There is no up or down in space, yet in shows like Star Trek, ships are always oriented the same way: right side up. It’s a scientifically unnecessary trope that has become a running joke among science fiction fans.
Yet here on Earth, fish find themselves in a strikingly similar situation. As a fish glides through its weightless, three-dimensional, watery world, it almost always stays right side up. The question—for both starships and fish—is why?
It’s an easier question to answer for fictional spaceships than real-life fish.
In movies or on television, directors show ships the way they do because it makes the scene more understandable to viewers, creatures accustomed to a gravity-bound world. “We have a fixed idea that everything should be right side up,” says Frank Fish, a functional morphologist at West Chester University in Pennsylvania. But what about fish? It’s a puzzle.
“I can’t get into the mind of a fish—despite my name—and determine why it would particularly do that,” says Fish.
Deepening the mystery is that scientists know few reasons why a fish would swim in any particular orientation—yet they clearly have a preference. Unlike land animals, fish don’t push against the ground to move. And, while moving, fish are no more streamlined in one orientation than another. What’s more, most fish are top heavy, says Brooke Flammang, who studies fish biomechanics at the New Jersey Institute of Technology. Like a child balancing on a beach ball in the pool, gravity wants them to flip. So why don’t they?
The leading explanation is that fish began life right side up, evolutionarily speaking, and so most never had a reason to change. “Just between us, yeah, they never bothered,” says Milton Love, a semi-retired marine zoologist at the University of California, Santa Barbara.
A fish’s preferred orientation “goes back to those very early steps of building a left side and a right side, a head end [and] a tail end,” says Peter Wainwright, who studies fish morphology and behavior at the University of California, Davis.
There are two groups of animals that have distinct left and right sides, Wainwright says. The first group, protostomia, includes most invertebrates, like insects and mollusks. Early on in development, as embryos, these animals develop a cavity that goes on to become the mouth. In the second group, deuterostomia, which includes vertebrates such as fish and humans, embryos develop differently. In this case, the first depression to form becomes the anus.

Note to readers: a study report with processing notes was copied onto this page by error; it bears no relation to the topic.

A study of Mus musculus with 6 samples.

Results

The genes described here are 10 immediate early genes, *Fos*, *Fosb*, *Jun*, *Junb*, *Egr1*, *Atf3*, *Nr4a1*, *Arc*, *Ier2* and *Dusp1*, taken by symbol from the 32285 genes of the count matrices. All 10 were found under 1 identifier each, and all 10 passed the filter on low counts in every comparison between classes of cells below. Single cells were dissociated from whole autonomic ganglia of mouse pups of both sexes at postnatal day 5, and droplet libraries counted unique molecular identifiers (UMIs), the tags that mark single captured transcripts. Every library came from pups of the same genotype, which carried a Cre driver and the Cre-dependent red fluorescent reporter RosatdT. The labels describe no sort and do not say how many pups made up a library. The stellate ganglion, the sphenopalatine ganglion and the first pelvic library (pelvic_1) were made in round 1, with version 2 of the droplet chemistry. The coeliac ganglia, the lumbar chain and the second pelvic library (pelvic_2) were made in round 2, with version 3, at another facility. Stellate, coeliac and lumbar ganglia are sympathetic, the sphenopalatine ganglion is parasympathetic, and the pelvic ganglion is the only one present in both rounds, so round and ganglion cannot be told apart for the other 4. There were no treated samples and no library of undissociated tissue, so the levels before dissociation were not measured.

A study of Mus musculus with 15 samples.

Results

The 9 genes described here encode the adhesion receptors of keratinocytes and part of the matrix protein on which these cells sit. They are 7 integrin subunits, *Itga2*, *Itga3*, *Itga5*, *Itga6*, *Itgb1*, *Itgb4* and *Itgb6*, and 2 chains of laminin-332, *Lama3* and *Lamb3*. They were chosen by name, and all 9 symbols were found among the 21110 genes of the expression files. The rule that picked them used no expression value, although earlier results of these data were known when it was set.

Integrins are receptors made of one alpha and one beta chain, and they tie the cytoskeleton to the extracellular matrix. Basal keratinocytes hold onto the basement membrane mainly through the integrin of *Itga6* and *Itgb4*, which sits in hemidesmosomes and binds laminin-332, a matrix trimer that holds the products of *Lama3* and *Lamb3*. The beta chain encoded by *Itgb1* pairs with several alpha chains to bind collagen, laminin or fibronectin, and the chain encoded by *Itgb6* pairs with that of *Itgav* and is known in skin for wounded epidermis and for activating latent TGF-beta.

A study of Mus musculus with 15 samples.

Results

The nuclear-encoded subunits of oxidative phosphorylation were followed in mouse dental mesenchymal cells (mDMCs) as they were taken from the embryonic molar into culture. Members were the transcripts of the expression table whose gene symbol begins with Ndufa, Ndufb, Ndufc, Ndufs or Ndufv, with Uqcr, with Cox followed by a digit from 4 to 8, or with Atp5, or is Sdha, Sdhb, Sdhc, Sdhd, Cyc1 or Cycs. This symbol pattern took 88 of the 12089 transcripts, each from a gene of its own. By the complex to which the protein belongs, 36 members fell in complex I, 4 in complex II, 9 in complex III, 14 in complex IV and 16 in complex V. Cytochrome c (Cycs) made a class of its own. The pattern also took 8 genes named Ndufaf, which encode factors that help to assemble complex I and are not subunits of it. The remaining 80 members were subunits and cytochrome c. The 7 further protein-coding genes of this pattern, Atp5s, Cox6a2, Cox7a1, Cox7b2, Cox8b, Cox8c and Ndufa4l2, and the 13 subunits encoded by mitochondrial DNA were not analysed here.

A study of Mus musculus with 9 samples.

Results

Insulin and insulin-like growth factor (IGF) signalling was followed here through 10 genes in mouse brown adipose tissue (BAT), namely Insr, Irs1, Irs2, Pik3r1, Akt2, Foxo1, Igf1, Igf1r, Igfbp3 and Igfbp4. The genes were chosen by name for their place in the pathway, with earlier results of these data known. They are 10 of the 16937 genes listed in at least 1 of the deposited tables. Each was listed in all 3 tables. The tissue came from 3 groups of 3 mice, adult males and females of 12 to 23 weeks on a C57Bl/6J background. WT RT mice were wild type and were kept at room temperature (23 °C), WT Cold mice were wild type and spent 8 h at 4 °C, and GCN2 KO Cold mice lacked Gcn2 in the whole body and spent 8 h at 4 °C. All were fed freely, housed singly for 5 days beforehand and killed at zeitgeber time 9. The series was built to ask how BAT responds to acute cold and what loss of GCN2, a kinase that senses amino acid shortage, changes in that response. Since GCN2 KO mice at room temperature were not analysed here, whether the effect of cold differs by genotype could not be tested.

This slight initial difference means the two groups develop in opposite orientations. The flip determines which side of the animal becomes its top (dorsal) and which becomes its bottom (ventral), as well as where the nerve cord runs, says Lauren Sallan, who studies early vertebrate evolution at the University of Pennsylvania.
In most invertebrates, the nerve cord runs down the belly. The nerves have little difficulty connecting to the eyes and brain, which are more dorsal, since invertebrates don’t often have hard parts inside their bodies to get in the way, Sallan says.
In contrast, even the most primitive vertebrates have hard tissues, such as bones, that form internal barriers within the body. As a result, their body plan is much less adaptable. The nerve cord runs along the animal’s back and its brain develops on its dorsal side to link to the nerves. Since the eyes are in the skull near the brain, they end up on top as well. With the top of the body unavailable, the stomach and mouth end up on the bottom.
Sallan is not sure what led to the change, but it heavily influenced vertebrate evolution. “It’s an early coin flip that’s become a major constraint in fish form,” Sallan says.
The question, then, is why did fish stay dorsal side up? The answer lies in the basic tenets of evolutionary theory: if a new trait doesn’t provide a distinct advantage, things tend to stay the same.
Scientists have teased out some of the perks to swimming top side up. For example, gravity will help move blood from the brain back to the heart, says Flammang. Fish also benefit from having their eyes above their mouths, says Love, as it keeps those sensitive organs away from food and debris, and on the lookout for predators. Even their top-heaviness confers fish some benefits: it increases their maneuverability, Flammang says.
And, some fish have learned to swim upside down, while others flirt with the idea.
Many fish that live near structures such as reefs or piers will orient their bellies against vertical walls or even ceilings, says Wainwright. The fish seem comfortable swimming this way near the structures, but they will swiftly turn right side up when they swim away.
A group of African catfish have fully embraced upside-down life. Their behavior is the result of a bottom-dwelling fish adapting to take advantage of oxygen-rich water near the surface. A catfish’s mouth is on its underside, so it was likely easiest for the fish to simply turn upside down and treat the top of the water the same as it used to treat the bottom says Lauren Chapman, who studies fish respiration at McGill University in Montreal, Quebec. “To an inverted catfish, the water’s surface is just another substrate,” she says.
But in the vast majority of cases, says Love, “there’s no selective advantage for most fishes to be upside down.”
The answer, as Wainwright says, is likely that for most fish, switching simply isn’t worth it. At this point, being upright is hardwired. Simply put, fish “may not like to be upside down,” Flammang says.
In other words, they’re used to it, and it works. Like watching starships race across the galaxy, right side up.